Surviving Savage Seasons with Specialized Sportswear | Survival Gear Systems
Surviving Winter with Sportswear

One could make a pretty convincing argument for spending more time indoors during this season. It's much easier to avoid the cooler temps and falling snow by sitting on your butt in front of the TV or computer instead.

There's a pretty good chance we're over complicating this issue though because when you boil it down, the biggest change from summer fun is simply having the right clothing to get outside and enjoy yourself (if you find yourself arguing with that synopsis, you're not an authentic outdoor enthusiast, but there's still hope for on!)

The technology behind today's equipment makes it effortless to stay warm and dry even in the worst conditions. At the Air Forces' Arctic Survival School, students are taught the 3-W's acronym for cold weather layering.

Wicking- the first layer against your skin keeps you dry in order to stay warm. Cotton kills so avoid it like the plague. Use this instead. Or this one.

Warm- the second layer's job is trapping the heat that your body emits. (down and wool are good options, here’s a good one) Typically these materials won't shed moisture and often lose their insulating properties when they get wet so one more layer completes your defense.

Weather-this layer repels water and is breathable so as not to trap the moisture that your body expels. Sometimes a soft shell will get the job done but Gortex is my personal favorite. Check out this full system! And don’t forget the pants.

The 3-Ws of Cold Weather Survival

The 3-W's are foundational to cold weather protection, but rounding out the cold weather defense involves following the COLDER principle which goes like this:

Clean- as in, keep it this way because dirty clothing loses its insulating qualities. Not only that, you don’t want to be the smelly kid on your adventure.

Overheating- obviously, this is something to avoid as sweat makes you cold. Not just like a little chilled either. You lose heat 25 times faster when you are wet so you need to stay dry from the inside out and vice-versa.

Loose and layered- tight-fitting clothing restricts the blood flow that's trying to keep you warm, so baggy is best! The layered approach allows you to take off a shirt if you feel yourself getting a little too warm or loan it to a partner who showed up to the party ill-prepared.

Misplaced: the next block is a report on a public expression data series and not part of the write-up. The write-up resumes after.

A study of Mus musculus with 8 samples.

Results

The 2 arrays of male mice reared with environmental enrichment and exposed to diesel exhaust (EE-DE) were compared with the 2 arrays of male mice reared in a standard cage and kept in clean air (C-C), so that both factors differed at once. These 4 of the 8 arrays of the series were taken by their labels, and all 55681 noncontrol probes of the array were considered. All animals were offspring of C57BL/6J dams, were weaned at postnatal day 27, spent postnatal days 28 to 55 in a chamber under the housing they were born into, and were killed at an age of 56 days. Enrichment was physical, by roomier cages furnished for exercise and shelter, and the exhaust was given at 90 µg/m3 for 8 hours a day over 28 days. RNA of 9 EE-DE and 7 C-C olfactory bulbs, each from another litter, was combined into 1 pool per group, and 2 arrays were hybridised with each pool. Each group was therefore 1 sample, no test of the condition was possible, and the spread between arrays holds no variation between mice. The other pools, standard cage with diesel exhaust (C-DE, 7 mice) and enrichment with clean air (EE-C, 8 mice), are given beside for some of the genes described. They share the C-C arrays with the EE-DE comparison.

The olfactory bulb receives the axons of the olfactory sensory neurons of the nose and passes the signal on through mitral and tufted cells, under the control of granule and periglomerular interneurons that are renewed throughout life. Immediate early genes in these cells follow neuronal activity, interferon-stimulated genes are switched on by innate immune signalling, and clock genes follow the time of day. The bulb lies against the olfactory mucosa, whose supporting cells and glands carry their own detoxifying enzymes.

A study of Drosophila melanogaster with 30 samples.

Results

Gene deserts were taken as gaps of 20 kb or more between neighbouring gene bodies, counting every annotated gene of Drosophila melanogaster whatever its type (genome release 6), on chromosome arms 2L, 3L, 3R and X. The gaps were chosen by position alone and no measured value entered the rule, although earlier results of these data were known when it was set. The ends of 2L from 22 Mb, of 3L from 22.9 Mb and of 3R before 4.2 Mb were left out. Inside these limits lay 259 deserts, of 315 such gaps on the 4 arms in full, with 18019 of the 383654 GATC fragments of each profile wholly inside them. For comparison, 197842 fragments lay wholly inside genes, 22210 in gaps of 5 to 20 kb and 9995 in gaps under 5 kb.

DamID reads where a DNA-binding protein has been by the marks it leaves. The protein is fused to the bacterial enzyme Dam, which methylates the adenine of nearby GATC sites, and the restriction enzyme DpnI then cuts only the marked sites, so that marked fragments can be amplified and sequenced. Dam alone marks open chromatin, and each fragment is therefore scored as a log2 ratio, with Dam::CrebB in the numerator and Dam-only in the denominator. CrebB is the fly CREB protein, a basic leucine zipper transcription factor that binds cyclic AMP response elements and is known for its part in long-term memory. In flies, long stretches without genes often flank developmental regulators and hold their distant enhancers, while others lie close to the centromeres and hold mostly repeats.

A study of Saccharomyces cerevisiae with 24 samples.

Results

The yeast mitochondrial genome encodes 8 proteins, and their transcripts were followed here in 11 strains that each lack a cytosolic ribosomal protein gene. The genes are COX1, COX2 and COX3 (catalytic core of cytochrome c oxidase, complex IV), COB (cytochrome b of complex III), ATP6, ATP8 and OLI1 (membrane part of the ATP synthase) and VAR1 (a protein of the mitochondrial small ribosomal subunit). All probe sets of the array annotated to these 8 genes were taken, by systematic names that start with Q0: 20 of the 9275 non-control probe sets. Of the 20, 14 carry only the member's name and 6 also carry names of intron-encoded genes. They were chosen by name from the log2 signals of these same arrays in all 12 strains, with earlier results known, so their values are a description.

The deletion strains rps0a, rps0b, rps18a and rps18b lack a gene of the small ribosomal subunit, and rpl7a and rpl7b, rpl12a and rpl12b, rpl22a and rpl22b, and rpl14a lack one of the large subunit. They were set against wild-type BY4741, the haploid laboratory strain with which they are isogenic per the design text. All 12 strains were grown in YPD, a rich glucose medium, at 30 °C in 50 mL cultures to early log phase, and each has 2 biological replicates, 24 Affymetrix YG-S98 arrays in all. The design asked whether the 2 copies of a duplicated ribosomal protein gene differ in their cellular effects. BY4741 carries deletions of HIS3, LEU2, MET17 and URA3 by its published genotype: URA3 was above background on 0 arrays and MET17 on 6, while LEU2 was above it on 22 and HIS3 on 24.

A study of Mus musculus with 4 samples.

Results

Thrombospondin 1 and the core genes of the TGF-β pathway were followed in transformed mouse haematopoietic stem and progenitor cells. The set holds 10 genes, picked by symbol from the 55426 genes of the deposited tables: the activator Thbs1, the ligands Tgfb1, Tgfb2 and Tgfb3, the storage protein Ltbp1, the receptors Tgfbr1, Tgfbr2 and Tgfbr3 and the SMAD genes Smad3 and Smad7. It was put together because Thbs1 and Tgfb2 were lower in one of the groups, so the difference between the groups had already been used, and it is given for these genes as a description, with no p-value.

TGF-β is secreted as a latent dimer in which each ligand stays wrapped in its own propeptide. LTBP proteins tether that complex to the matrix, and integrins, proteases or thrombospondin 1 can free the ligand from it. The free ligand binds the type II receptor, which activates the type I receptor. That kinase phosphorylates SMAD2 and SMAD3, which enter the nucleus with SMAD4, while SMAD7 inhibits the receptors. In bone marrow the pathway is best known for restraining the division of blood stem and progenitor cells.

Dry- this has been covered several times above and if it feels like this is repetitive, it is! Staying dry is critical! You know how you feel when you step out of a shower, right? You’re a little chilled and you can’t wait to get toweled off. But now imagine stepping out of that same shower into a winter wonderland. You’ll be a popsicle before you can even say, “Frostnip!”

Examine- adventures are hard on gear, so keep an eye on your equipment to prevent damage and if you find something that needs attention...

Repair-fix it before it becomes a bigger problem and compromises your safety. Frostbite and hypothermia are life-threatening injuries and a really stupid way to die.

Keeping these tips in mind and having the right equipment will ensure you keep the adventure going all season. Additionally, you'll find the places you love less crowded simply because most people are unwilling to go the distance during this time of year. Have fun out there!

About the Author

JD is founder of His site is dedicated to a wide variety of skills that improve survivability in emergency situations as well as everyday life. He is a retired Survival, Evasion, Resistance and Escape (SERE) Specialist with 20 years of active duty service teaching aircrew and special operations personnel how to survive, evade, resist and escape at the U.S. Air Force Survival School located at Fairchild AFB, Washington.